Speech/Language Therapy

The Speech-Language Program is responsible for evaluating and serving students in the areas of articulation, language, fluency, and voice.

Speech and Language Concerns

Review the list below if you have concerns that your child may exhibit a speech and/or language problem:

Articulation

●Difficulty saying particular sounds or words due to sound omissions/substitutions/distortions, such as saying “wabbit” for “rabbit”

●Phonological processes such as saying “tat” for “cat” or “dod” for “dog”

Language

●Difficulty following directions

●Difficulty asking/answering questions

●Difficulty generating correct words for labels and ideas in a timely manner

●Poor word order within a sentence

●Decreased vocabulary

●Problems understanding concepts (i.e. below, above, first, second, between, front, back, whole, half, etc.)

●Poor grammar

●Difficulty retelling a story

Fluency

●Stutters

●Frequent hesitations and pauses (speech sounds "choppy")

Voice

●Sounds hoarse, raspy or breathy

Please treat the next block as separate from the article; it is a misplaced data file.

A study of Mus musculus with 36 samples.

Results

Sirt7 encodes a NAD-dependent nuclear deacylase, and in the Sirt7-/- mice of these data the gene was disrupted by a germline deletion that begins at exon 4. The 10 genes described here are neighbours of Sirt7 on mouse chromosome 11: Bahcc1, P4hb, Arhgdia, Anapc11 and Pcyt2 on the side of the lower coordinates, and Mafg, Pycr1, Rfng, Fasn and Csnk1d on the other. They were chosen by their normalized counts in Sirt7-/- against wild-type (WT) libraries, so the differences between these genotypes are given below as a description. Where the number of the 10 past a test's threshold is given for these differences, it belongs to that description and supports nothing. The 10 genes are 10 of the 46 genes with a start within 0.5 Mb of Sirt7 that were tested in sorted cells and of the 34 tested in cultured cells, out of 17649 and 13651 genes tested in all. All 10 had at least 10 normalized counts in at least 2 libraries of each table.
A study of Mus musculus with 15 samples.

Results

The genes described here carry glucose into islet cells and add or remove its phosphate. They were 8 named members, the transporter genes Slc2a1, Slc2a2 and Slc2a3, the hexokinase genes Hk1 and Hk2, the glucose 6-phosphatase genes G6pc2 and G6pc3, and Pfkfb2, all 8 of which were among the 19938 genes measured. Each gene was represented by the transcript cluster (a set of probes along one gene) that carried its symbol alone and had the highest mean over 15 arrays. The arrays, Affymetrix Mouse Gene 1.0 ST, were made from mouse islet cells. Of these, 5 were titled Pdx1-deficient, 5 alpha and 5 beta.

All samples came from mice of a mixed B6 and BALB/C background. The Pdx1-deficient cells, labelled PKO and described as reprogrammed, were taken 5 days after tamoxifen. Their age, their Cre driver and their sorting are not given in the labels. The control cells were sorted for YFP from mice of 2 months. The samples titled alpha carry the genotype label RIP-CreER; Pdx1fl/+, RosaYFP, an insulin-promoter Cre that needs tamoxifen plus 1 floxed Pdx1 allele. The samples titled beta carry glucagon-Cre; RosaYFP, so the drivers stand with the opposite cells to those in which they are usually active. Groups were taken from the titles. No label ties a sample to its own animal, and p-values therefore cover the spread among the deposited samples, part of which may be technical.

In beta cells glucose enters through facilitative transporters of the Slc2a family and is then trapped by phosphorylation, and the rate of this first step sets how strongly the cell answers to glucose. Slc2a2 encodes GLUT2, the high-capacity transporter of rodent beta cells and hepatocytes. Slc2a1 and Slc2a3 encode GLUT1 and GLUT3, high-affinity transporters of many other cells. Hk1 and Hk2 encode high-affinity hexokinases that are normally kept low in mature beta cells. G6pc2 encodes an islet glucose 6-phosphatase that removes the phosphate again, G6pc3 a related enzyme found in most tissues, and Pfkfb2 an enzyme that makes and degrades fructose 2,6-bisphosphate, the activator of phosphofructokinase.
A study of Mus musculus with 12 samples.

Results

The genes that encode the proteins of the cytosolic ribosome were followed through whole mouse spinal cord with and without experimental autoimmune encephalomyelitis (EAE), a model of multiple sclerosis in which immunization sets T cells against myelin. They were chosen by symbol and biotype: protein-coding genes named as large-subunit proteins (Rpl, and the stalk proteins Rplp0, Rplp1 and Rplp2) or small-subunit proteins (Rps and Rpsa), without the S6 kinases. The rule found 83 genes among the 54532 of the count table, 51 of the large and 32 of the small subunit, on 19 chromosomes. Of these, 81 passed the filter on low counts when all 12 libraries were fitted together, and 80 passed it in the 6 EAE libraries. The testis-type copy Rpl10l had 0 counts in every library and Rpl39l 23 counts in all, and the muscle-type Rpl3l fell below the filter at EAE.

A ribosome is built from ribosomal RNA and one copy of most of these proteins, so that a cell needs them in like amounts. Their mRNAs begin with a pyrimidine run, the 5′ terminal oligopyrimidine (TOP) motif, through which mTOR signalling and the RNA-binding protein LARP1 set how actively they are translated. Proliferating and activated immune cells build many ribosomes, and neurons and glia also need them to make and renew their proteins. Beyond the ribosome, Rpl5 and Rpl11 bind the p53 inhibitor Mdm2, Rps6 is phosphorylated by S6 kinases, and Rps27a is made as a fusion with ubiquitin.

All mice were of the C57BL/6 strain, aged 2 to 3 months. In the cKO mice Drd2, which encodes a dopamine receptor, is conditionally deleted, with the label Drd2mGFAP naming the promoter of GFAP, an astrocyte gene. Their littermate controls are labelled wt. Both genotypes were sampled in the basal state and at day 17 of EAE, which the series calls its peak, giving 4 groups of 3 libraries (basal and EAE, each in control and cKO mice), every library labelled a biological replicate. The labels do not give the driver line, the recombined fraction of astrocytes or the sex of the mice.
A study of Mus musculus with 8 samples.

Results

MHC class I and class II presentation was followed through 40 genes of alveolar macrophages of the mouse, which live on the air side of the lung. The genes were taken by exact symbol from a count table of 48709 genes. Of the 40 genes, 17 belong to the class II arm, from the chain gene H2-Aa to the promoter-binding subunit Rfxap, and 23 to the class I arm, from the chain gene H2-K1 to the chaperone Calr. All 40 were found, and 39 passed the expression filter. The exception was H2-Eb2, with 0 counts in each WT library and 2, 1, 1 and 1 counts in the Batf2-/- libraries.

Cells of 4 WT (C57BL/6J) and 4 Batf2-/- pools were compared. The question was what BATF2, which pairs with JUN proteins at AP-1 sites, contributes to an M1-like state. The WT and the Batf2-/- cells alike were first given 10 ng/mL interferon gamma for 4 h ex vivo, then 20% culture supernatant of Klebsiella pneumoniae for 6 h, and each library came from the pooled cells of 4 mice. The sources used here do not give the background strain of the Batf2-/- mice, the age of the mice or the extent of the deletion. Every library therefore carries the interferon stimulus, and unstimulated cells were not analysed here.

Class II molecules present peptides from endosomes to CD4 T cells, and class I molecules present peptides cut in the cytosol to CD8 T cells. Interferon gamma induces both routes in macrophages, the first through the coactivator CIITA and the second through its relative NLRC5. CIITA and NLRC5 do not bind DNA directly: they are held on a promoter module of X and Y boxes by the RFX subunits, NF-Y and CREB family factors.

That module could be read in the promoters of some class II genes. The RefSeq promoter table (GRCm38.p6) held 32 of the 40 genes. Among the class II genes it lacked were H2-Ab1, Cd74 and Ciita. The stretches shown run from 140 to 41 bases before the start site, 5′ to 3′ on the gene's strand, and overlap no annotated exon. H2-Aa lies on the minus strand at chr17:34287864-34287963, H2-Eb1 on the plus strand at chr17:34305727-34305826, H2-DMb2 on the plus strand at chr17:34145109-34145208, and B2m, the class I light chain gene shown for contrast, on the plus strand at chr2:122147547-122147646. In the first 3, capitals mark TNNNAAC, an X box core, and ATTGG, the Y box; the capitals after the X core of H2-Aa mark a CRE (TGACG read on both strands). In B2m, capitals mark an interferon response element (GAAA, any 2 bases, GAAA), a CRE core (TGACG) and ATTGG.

●Loss of voice when speaking

If you feel your child has difficulty with any of the above areas, please consult with his or her classroom teachers. A child’s communication difficulties must have a negative impact on classroom performance in order for a referral to be made by the teachers.

If appropriate, an evaluation is completed, and a meeting is held with the speech-language pathologist, the parents, and the teachers to determine the most appropriate plan of action. Services are provided either in the child’s classroom or in the speech-language pathologist’s office, depending on the situation. A child’s therapy goals are intended to support what takes place in the classroom.